Where Things Stand: Haverhill, Area Communities Report COVID-19 Infections—247 in County

Social distancing at work at the State House. Rep. Kate Lipper-Garabedian, right, was sworn in by Gov. Charlie Baker at the foot of the Grand Staircase on Wednesday, a quiet ceremony attended by a few lawmakers and staff while the State House is mostly closed due to the COVID-19 emergency. (Photograph by Sam Doran/SHNS.)

Eighteen Haverhill residents are reported as having the coronavirus as of Thursday afternoon when daily numbers were released.

According to the city, half of the COVID-19 cases are among people between 2 and 40 years old and 45 percent are between ages 50 and 70. In a social media post, Mayor James J. Fiorentini said only one person is 70 years old and no one in Haverhill above age 70 has been infected so far.

“This tells me that seniors are doing an excellent job of isolating themselves and social distancing,” the mayor said, but added he is concerned about the number of young people who have the virus.

Haverhill’s numbers contribute to Essex County’s total of 247 and the Commonwealth’s 2,417 cases. The state Department of Public Health said Thursday there were 10 more deaths for a total of 25 to date. Of those, two were reported from Essex County—both men with one in his 50s and the other in his 80s—and had preexisting medical conditions.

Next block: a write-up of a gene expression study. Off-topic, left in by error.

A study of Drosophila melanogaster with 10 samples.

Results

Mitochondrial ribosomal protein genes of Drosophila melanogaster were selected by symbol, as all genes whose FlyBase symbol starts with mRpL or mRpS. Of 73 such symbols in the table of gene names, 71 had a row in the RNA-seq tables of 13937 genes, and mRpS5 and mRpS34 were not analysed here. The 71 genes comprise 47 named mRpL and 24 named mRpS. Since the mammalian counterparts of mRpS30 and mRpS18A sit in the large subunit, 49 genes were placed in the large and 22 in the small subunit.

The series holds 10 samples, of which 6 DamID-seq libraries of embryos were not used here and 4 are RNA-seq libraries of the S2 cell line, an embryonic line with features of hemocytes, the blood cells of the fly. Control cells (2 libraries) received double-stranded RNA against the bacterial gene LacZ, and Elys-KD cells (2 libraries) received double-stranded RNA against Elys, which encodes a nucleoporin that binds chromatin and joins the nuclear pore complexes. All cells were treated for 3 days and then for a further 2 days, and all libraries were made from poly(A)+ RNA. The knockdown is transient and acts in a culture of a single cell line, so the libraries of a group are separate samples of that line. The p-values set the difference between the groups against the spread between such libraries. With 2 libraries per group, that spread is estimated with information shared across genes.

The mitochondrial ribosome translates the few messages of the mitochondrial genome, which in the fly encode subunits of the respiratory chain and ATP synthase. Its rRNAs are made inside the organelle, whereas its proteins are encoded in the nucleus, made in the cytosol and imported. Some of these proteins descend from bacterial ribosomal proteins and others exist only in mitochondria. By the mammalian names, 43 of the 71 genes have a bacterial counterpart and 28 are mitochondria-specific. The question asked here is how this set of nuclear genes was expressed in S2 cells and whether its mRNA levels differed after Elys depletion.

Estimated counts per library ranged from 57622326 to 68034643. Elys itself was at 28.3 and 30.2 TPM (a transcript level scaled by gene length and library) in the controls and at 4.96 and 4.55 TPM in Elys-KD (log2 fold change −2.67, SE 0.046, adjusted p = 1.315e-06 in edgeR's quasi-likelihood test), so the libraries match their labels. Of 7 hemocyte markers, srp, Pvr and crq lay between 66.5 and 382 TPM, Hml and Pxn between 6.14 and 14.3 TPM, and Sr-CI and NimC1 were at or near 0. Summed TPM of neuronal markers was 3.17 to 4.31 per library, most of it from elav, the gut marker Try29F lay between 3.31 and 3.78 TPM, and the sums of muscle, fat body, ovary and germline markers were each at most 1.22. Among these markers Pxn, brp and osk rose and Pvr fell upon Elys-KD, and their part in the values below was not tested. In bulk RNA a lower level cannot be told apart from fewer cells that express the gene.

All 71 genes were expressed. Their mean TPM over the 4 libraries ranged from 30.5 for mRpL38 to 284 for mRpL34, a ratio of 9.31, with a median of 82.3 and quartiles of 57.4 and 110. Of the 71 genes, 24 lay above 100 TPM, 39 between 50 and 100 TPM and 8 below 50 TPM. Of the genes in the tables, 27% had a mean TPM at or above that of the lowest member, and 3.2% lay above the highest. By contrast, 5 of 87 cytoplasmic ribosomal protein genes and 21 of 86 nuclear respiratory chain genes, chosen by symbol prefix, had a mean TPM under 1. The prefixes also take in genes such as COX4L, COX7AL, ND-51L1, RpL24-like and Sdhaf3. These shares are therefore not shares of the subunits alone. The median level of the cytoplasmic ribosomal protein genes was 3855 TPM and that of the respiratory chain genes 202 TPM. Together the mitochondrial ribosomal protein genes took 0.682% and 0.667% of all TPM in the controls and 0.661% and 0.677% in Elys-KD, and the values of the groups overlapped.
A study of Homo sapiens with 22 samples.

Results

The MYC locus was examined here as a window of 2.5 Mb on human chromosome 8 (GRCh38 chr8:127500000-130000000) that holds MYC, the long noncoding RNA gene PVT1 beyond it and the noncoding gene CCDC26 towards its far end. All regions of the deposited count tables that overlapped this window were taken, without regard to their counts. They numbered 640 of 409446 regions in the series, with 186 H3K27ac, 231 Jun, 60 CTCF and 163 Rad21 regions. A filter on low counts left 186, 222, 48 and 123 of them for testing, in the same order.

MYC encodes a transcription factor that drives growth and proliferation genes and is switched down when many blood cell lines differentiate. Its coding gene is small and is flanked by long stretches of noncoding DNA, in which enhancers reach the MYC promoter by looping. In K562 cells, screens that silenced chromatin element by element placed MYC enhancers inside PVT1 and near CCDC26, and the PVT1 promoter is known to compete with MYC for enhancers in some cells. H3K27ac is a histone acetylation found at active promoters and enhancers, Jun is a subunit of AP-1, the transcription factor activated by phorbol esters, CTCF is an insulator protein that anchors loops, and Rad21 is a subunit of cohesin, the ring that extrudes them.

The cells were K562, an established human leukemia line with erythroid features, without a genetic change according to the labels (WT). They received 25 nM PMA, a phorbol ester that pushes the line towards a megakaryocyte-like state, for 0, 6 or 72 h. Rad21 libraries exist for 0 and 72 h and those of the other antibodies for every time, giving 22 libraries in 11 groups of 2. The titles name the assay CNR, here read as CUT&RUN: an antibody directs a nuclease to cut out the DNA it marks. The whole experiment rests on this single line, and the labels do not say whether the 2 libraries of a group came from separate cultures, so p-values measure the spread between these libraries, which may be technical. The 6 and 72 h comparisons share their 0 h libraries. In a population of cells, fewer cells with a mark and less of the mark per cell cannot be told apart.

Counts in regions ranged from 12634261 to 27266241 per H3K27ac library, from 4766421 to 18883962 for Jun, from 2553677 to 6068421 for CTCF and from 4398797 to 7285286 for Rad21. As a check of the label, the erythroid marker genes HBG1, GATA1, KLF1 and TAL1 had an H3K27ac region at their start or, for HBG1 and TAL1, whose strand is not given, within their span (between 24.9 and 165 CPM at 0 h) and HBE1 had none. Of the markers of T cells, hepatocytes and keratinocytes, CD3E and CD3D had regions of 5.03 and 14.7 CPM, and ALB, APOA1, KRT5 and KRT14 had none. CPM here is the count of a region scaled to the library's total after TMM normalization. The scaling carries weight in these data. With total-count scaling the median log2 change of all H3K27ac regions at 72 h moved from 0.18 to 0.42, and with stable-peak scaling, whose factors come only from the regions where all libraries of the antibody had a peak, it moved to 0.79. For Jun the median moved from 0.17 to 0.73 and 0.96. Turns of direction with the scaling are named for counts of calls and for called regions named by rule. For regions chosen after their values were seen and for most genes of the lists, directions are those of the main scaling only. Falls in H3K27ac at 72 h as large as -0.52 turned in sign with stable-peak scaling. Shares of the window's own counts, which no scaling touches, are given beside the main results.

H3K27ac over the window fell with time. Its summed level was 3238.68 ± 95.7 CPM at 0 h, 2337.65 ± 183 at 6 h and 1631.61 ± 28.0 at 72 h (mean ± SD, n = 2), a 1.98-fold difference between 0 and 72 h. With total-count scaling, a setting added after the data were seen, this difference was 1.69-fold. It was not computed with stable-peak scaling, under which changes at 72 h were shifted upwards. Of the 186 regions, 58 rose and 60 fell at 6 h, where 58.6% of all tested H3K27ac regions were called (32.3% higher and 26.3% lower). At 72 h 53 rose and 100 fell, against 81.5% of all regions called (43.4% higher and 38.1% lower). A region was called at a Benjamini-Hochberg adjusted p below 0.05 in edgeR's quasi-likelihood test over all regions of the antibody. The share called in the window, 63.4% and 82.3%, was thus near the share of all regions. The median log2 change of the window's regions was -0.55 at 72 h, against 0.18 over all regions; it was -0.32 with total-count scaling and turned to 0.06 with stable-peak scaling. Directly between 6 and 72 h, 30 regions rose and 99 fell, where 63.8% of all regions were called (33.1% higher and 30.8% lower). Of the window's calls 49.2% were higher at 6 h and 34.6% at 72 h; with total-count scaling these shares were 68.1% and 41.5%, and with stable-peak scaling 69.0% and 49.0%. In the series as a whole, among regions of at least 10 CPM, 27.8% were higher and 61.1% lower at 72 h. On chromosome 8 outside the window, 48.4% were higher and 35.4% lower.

Methuen is reporting 17 confirmed cases, while North Andover lists eight. Georgetown said its count went up by one to a total of three in two different households. All are in isolation and are recovering at home. Groveland and West Newbury have reported one resident in each town has been diagnosed with the virus.

According to a statement from Massachusetts health officials, “COVID-19 activity is increasing in Massachusetts. At this time, if people are only mildly symptomatic, they should speak to their healthcare provider about whether they need to be assessed in person. If not, they should stay at home while they are sick. Asymptomatic family members should practice social distancing and immediately self-isolate if they develop symptoms.”

Nationally, according to the US Centers for Disease Control and Prevention, there have been more than 68,440 cases of COVID-19 and more than 994 deaths.

Effective today, the Massachusetts Registry of Motor Vehicles is enforcing a strict no walk-in policy at its eight service centers open to the general public, including Lawrence.

The only transactions that will be processed are those that require an in-person transaction, including Commercial Driving Licenses or Permits, some new registrations, out of state conversions and new Mass IDs. Customers who need to complete these transactions will be required to make an online appointment reservation, and customers arriving without an appointment will be asked to leave and make an appointment online to return at a future date.